By THE NATION
Finance Minister Apisak Tantivorawong said that the funds would be drawn from within the ministry and from the state-backed Vayupak Fund.
After the capital increase, the Ministry of Finance’s stake in the combined entity would be slightly smaller than its current 25 per cent holding in TMB, and the ministry's cost in the merged bank is expected to be Bt3 per share. The ministry's cost in TMB is Bt3.80 per share.
“The Ministry of Finance, as the major shareholder in TMB, is considering whether or not the purchase of the capital-increase shares will be beneficial,” Apisak said. “Usually, when a bank is bigger, its returns could be better, as viewed by officials' analysis.
“The ministry may not have the same amount of the current holding in TMB as once a capital increase is done, a portion of new shares will be offered to TBank's shareholders. Therefore, our stake will lower.”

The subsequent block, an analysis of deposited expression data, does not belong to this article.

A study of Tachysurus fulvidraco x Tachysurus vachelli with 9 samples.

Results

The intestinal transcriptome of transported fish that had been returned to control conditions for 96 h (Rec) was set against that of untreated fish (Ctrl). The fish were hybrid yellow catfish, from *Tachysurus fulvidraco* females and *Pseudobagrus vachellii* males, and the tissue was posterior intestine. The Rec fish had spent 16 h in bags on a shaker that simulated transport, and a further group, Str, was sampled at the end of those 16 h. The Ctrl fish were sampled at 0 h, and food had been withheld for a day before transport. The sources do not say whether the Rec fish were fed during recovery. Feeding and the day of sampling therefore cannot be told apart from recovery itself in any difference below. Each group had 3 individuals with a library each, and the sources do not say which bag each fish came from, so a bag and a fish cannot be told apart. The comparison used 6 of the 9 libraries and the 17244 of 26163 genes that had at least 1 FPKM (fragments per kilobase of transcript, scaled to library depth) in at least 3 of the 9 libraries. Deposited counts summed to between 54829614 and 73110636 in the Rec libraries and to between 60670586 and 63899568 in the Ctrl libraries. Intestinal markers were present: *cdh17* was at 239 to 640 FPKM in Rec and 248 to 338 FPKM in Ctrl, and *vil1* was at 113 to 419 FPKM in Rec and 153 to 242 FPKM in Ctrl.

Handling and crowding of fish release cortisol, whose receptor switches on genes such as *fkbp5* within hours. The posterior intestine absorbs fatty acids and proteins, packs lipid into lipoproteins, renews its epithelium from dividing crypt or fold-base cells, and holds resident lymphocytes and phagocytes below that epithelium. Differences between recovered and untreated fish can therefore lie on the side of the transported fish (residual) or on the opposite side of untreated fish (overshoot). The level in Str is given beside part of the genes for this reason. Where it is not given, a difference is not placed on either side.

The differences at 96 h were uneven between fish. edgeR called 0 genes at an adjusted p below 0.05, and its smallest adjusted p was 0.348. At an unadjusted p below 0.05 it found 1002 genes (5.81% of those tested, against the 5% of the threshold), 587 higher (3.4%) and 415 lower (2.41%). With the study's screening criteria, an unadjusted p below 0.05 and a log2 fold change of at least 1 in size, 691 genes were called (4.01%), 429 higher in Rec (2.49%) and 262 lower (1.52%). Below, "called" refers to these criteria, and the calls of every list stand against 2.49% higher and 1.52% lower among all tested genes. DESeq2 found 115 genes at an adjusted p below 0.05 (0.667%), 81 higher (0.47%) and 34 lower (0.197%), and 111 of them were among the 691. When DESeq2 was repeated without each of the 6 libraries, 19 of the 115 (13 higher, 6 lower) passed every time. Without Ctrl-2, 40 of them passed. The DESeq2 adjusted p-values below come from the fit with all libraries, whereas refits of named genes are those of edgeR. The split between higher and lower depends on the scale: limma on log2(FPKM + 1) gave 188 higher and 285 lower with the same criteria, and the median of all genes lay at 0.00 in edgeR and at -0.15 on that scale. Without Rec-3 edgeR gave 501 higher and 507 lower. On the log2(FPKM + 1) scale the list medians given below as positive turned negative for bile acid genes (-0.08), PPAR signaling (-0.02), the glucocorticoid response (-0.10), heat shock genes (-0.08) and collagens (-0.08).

He said the planned merger will strengthen the new bank by achieving higher efficiency and the ministry, as a shareholder, will also gain.
“They (the related parties of both banks) have negotiated for a relatively long period. Finally, they've preliminarily agreed on the planned merger with the signing of a [non-binding] memorandum of understanding [on Wednesday],” Apisak said. “In principle, TMB will acquire TBank and some of its businesses and TBank's shareholders will receive TMB shares and some cash. The estimated result is a bigger bank. Once the bank is bigger, its efficiency will improve.” Whether the planned merger will be completed in time to be forwarded to this current Cabinet is subject to both parties’ working process, the minister said.
An anonymous source from the Ministry of Finance said the ministry has been in discussions involving the merged bank's management structure and plans to have a ministry representative sit as chairman of the board of directors, as is now the case with TMB.